Mandy: a phantasmagorical thrill ride
“A psychotic drowns where the mystic swims. You’re drowning. I’m swimming.”
After Mandy, a film which graciously leaves out end-credits music to allow for rapturous applause, I stumbled through the BFI Southbank in a daze, tripping over myself on the way to the toilet just as a random guy I’d never met tapped me on the shoulder and said “what a treat, eh?”. My mind was spinning, my head aching, and my memory confused: sorry, what in the fuck did I just watch?
A cosmic freakout of planetary proportions, Panos Cosmatos’ latest picture is everything you’d hoped and more: a shrieking behemoth of a two-hander that’s so out-there I can barely believe it exists. Taking everything great about Beyond the Black Rainbow, and dialing it all up to superlative proportions, Cosmatos has his cake and smashes it all over the floor, before setting it ablaze and using it to light a bloody cigarette.
The first half plays a bit like something Terrence Malick would make were he possessed by Satan. We follow Andrea Riseborough’s titular character in her dreamlike existence with Red (Nicholas Cage) in the Smoky Mountains, 1983. They lounge around in their log cabin, discussing astronomy (“what’s your favourite planet?”) and watching sci-fi TV shows. That existence is shattered when the Children of the New Dawn and their leader, Jeremiah (Linus Roache), spy Mandy walking down the street and decide that she belongs in their cult. In the carnage that follows, Red is left heartbroken and hellbent on revenge.
The second half, the advent of which is demarcated by the strangest macaroni cheese advert you’ll ever see, is different. Immediately announcing a darkly comedic tone, as Cage inhales a litre of vodka whilst screaming on a toilet in a dirty pair of y-fronts and a tiger t-shirt, that revenge comes in the form of a feverish, hour-long meta freak out on the part of the veteran actor. And boy is it exhilarating: when Red viciously slices up a mutated LSD monster, grins at the camera, then immediately snorts a mountain of coke off a glass shard, a muted press screening erupted into dual bouts of spontaneous cheering and applause. I’d say more about the ludicrous, sinister, ridiculous things that go on in this movie, but I’m wary of spoiling the insanity, so we’ll leave the plot at that.
Mandy is a disorientating and intoxicating watch precisely because nobody seems sober: the cult are jacked up on LSD and all number of other substances, the demonic biker gang (who may or may not be actual demons) are fueled by an ultra-strong, brain-melting psychedelic; and Red is on practically every substance known to man. The storyline veers between semi-believable and completely implausible every couple of minutes; the tone jumps from menace to melancholy to outright comedy in seconds.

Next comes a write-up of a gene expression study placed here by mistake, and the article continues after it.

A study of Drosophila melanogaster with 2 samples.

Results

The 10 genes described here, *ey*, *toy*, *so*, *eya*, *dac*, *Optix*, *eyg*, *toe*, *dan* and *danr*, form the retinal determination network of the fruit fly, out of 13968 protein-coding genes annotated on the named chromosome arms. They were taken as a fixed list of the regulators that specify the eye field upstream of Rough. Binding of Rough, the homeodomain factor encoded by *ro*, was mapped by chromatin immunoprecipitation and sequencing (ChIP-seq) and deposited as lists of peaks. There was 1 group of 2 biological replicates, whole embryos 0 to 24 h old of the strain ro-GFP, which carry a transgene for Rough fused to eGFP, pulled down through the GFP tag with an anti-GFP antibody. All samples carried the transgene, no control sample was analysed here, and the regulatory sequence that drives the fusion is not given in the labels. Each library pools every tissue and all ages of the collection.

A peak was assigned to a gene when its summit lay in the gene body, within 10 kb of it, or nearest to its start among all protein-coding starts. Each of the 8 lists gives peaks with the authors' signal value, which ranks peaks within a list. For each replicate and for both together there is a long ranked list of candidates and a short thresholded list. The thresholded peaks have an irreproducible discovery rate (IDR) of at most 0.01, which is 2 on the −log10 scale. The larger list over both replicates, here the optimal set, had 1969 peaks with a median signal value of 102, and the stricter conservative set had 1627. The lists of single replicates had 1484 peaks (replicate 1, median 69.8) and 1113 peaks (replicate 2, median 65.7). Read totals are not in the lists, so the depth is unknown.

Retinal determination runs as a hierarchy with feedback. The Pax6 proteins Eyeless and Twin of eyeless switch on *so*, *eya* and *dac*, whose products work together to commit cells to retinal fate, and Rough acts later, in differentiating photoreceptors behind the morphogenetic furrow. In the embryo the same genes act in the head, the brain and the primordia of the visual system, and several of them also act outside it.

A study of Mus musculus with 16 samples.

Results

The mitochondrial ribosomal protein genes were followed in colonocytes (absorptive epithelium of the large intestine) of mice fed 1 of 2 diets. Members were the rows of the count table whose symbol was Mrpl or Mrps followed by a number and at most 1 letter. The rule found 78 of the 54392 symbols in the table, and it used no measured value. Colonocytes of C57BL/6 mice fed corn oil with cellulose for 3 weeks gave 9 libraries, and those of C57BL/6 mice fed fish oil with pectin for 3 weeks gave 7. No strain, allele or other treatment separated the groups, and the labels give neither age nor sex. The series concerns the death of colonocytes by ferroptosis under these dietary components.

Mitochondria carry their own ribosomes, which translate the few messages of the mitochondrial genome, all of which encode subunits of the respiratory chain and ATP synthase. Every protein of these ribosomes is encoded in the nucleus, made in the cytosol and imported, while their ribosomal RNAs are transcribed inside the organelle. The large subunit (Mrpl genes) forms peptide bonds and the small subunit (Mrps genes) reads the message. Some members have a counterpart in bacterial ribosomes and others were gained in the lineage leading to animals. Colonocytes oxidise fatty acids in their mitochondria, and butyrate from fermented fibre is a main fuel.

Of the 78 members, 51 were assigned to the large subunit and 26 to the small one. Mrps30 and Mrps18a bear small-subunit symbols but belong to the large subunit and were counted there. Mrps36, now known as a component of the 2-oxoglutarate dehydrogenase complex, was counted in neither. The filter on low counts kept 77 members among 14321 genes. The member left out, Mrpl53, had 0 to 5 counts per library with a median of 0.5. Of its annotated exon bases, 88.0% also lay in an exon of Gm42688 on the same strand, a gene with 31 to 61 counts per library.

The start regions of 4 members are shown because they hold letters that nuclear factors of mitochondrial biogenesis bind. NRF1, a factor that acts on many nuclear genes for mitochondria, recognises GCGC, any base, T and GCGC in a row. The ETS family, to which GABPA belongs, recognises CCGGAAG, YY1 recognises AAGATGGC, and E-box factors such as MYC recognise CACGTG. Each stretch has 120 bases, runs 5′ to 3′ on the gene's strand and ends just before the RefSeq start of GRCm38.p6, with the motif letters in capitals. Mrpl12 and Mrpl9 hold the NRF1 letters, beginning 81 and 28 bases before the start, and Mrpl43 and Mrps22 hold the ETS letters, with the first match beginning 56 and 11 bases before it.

Cosmatos’s production is shockingly druggy, allowing psychotropic technicolour to refract through a dense haze of film-grain, thick mist, and black smoke. Azure and emerald strobes, pulsating ruby light, and drifting hallucinogenic filters fill the screen at every available opportunity, with no concession made to reality. At times, colour filters are superimposed over the image so that entire scenes are viewed through a particular part of the spectrum. Aftertrails, lens flare, and motion blur have been added in post to disorientate and inebriate. Nicolas Cage’s performance begins to derail, as he begins to directly communicate to the audience through stares and knowing glances. Things happen which, afterwards, you’ll wonder whether you actually saw, or whether you dreamt them – was there a fucking tiger in this movie? To get lost in Mandy is to submit to sense itself as God: the inorexible power of feeling guiding you through the dense forest of experience.
Jóhann Jóhannssons score proves to be a main attraction in itself, complementing the galactic visuals with a maelstrom of noise: drugged-out, droning guitars; electric, blissful synths; quasi-metal hard rock. It’s as if you listened to a dungeons and dragons playlist whilst spaced out on 2cb. The soundrack, as with all Jóhannssons best work, feels like a character of its own: something that could easily exist outside the paradigm of Mandy, that could be listened to without any context, but which simultaneously feels tailor-made to fit this film.
When he made Beyond the Black Rainbow, Panos Cosmatos stated he was aiming to deliver on the lurid premise of the garish VHS boxes of the 70’s and 80’s; boxes he was then too young to access the content of and could only imagine what lay in store. With Mandy, he’s crafted something that far exceeds the promise of almost any exploitation horror in history: a phantasmagorical thrill ride through a psychedelic ghost train cloaked in glowing, technicolour mist and splattered in blood.